Children and Family

New figures from the Health and Social Care Information Centre show that the number of children being treated for eating disorders has increased rapidly.
New research has revealed that many teachers are becoming increasingly concerned about the sexualisation of children, with a growing number of their pupils displaying behaviour that they view as inappropriate.
New figures from the Football Association (FA) have shown the extent to which misconduct has become a problem even at the sport's youth level.
The British Psychological Society is pleased to endorse the NICE Quality Standards for Depression in children and young people that are published today.
A team of psychologists in Australia has taken an interest in the conversation that allows this kind of coordinated imaginary game-play between childhood friends.
Giving autistic children treatment based on improving their sensory difficulties could help them to better make sense of the world around them, a new study has suggested.
Men who are outgoing and open are more likely to have children than those who are introverted.
Treatment that includes methods of increasing spirituality could make a positive difference to outcomes for teenagers who are addicted to alcohol, new research has suggested.
Two experts on psychology and parenting are giving free public lectures during our Division of Clinical Psychology’s Annual Conference in York. Both lectures take place at the Royal York Hotel, next to the city's railway station.
Parents are failing to understand the prevalence of cyberbullying in their children's lives, new research has suggested.
The morning session, run by Dr Pam Skinner will introduce the topic and focus on leadership and management, based on the work which has been done by the DCP in this area. The afternoon session will begin with Pat Howley, Assistant Director
This day will explain what a Social Enterprise is, and how it can be a vehicle for delivering Clinical Psychology services for children and families.
An opportunity for clinical psychologists, especially those working in settings where there are no specialist neuropsychologists, to update their practice and increase skills in undertaking cognitive assessments of children and young people.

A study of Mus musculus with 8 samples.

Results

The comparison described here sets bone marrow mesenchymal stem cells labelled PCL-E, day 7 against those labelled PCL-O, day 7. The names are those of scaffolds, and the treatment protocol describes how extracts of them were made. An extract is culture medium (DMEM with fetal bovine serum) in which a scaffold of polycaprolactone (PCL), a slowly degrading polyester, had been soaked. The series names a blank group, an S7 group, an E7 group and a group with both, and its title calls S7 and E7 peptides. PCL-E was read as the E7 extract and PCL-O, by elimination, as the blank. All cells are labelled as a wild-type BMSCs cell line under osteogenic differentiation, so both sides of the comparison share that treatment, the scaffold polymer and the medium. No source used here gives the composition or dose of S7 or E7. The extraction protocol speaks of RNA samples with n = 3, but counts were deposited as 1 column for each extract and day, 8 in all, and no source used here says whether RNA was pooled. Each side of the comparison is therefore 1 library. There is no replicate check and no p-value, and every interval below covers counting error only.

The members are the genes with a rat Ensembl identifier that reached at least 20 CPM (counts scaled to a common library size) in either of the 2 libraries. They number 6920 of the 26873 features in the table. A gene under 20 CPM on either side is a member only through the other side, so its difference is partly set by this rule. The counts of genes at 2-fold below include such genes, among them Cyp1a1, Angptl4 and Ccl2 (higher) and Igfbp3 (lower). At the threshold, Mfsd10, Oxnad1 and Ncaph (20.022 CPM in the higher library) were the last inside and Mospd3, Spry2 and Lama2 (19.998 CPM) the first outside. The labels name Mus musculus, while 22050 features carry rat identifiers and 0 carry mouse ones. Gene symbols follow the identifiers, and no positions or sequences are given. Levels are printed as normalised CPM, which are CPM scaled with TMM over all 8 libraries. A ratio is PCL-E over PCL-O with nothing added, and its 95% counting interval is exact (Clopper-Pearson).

This workshop will highlight the need to take a developmental approach when working with adolescents who display high risk behaviour.  The assessment and management of clinical risk when working with this client group will be explored as a mu
Singing lullabies to sick children can help to ease the pain they feel.
In 2010 more people died by suicide than were killed in war, by murder, or in natural disasters.
Children who do not keep to a regular bedtime routine may be more likely to experience behavioural problems, new research has sugg
Chronic stress and poverty experienced in childhood can harm an adult's capacity to regulate emotions, new research has suggested.
Babies as young as 18 months can tell if a person's emotions match the context, according to new research from Concordia University and published in the 'Infancy: The
Teacher-led group therapy sessions can be helpful in preventing mental health issues in teenagers, new research has suggested.
The age at which an attention problem emerges in a child's life can have a marked impact on their academic performance later on.
More research is needed regarding the mental health problems experienced by children in the UK.
Professor Tanya Byron, clinical psychologist and TV presenter, is the next castaway on BBC Radio 4’s Desert Island Discs. You can hear her talk about her life and choose eight records at 11:15 on Sunday 27 October.
Welcome! The Faculty for Children, Young People & their Families (CYPF) is a Member Network of the British Psychological Society's Division of Clinical Psychology.
Professor Tanya Byron, well known for presenting television shows including 'The House of Tiny Tearaways', 'Am I Normal?' and 'Bedtime Live', is to give a free public lecture in York in December as part of the Annual Conference of our Division of Clinical Psychology (DCP).